Achieving Net Lease Equilibrium
- Jul 02, 2018
Cap rates for the single-tenant net lease retail sector rose by 10 basis points in the second quarter of 2018, representing the largest such increase since the second quarter of 2011. Cap rates compressed for the office and industrial sector by 5 and 25 basis points, respectively. The upward trend in cap rates should persist as the Federal Reserve continues to implement its monetary policy objectives.
As investors expect increased cap rate pressure to remain, the supply of single-tenant net lease properties on the market continues to increase, too. Owners of single-tenant properties are bringing those assets to market in an attempt to maximize value before cap rates increase further. In the second quarter of 2018, the net lease sector experienced an uptick in supply of more than 11 percent, with the majority coming from net lease retail properties.
Also illustrating the upward movement on cap rates, the spread between asking and closed cap rates continued to widen for the retail and industrial sectors, while the spread for the most desired assets—including long-term leases, credit and primary market locations—remained similar to recent years. On the other hand, properties with short-term leases, weak credit, limited or no rental escalations and tertiary locations have experienced the greatest expansion in cap rates.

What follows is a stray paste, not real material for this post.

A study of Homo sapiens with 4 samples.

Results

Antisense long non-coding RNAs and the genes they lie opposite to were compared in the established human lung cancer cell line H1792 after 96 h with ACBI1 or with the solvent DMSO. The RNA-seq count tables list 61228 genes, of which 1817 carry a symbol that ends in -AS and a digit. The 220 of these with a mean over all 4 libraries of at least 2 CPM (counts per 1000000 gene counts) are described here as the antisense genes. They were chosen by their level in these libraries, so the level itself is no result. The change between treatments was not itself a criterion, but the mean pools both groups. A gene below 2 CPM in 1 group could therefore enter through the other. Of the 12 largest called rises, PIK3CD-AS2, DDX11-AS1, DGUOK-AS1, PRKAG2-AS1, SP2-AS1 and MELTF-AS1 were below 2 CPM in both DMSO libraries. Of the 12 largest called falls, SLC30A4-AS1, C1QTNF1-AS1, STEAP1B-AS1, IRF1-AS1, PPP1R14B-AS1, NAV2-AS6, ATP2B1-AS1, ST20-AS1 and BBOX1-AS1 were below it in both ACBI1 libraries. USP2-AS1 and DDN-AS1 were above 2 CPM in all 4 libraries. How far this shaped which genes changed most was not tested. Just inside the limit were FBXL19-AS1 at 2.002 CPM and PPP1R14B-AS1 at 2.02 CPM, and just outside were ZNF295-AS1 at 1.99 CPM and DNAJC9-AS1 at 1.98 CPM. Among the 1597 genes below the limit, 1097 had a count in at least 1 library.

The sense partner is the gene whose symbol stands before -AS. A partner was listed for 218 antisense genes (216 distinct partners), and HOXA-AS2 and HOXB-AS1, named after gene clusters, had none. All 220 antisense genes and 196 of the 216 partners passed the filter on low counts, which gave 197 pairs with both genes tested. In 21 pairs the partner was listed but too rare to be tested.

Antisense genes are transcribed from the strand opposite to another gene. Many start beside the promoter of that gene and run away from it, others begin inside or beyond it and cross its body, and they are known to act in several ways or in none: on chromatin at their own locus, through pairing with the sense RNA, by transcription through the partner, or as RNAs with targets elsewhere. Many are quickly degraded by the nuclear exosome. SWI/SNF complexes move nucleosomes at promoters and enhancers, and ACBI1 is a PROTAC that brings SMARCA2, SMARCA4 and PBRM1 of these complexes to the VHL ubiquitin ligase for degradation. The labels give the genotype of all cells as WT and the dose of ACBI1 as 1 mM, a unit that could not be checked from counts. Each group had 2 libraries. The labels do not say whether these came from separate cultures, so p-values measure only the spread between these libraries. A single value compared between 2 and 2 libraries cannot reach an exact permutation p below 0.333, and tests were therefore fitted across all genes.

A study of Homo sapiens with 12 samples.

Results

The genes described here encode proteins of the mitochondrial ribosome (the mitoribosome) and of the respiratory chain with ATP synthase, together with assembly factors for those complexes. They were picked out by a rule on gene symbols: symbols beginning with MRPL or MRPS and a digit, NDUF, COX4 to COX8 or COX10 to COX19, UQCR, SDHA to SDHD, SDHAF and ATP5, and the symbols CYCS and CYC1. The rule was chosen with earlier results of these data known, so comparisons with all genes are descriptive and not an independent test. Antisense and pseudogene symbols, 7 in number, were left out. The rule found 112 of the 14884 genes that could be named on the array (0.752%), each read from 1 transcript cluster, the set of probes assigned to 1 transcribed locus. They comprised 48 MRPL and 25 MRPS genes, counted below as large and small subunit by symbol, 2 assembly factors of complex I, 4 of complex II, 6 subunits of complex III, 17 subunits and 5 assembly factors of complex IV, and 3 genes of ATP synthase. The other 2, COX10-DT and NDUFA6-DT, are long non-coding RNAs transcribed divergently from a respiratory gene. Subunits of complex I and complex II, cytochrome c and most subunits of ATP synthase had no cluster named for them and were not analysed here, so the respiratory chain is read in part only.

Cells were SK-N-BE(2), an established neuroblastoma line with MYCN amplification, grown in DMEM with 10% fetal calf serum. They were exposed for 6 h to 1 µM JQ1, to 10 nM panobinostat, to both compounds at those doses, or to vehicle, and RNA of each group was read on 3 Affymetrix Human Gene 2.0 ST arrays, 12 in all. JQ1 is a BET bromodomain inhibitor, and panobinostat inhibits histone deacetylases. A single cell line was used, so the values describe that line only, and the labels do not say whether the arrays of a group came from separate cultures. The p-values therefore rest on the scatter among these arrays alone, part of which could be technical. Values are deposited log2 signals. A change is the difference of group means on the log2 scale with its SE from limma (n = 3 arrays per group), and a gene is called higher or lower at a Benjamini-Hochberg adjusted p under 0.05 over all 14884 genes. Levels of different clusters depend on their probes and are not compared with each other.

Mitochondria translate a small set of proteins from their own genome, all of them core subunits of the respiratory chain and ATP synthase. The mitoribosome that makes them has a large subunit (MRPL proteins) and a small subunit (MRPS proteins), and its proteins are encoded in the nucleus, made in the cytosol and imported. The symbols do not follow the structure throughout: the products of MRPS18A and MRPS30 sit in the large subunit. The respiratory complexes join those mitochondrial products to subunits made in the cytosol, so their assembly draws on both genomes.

Proponents of the retail net lease sector have pointed to its strengths, such as steady retail cap rates despite a rising interest rate environment. They’ve also argued that the net lease retail sector is the beneficiary of the shift away from the traditional shopping mall. By contrast, the opposition has cited rising interest rates, a recent flood of net lease retail property supply and concentration of new construction with limited credit. Despite the rise in retail cap rates in the second quarter, the perception remains that the net lease retail market has kept in a neutral position recently: Cap rates for the retail sector have primarily ranged from 6.10 percent to 6.25 percent since the third quarter of 2015.
The primary sentiment among net lease investors is that cap rates should remain relatively stable and within the range of the past few years for retail, office and industrial assets. Consistent with that view, investors will be carefully monitoring the monetary policy decisions of the Federal Reserve in 2018, as well as the capital markets effect on pricing.
Randy Blankstein is president of net lease advisory firm The Boulder Group.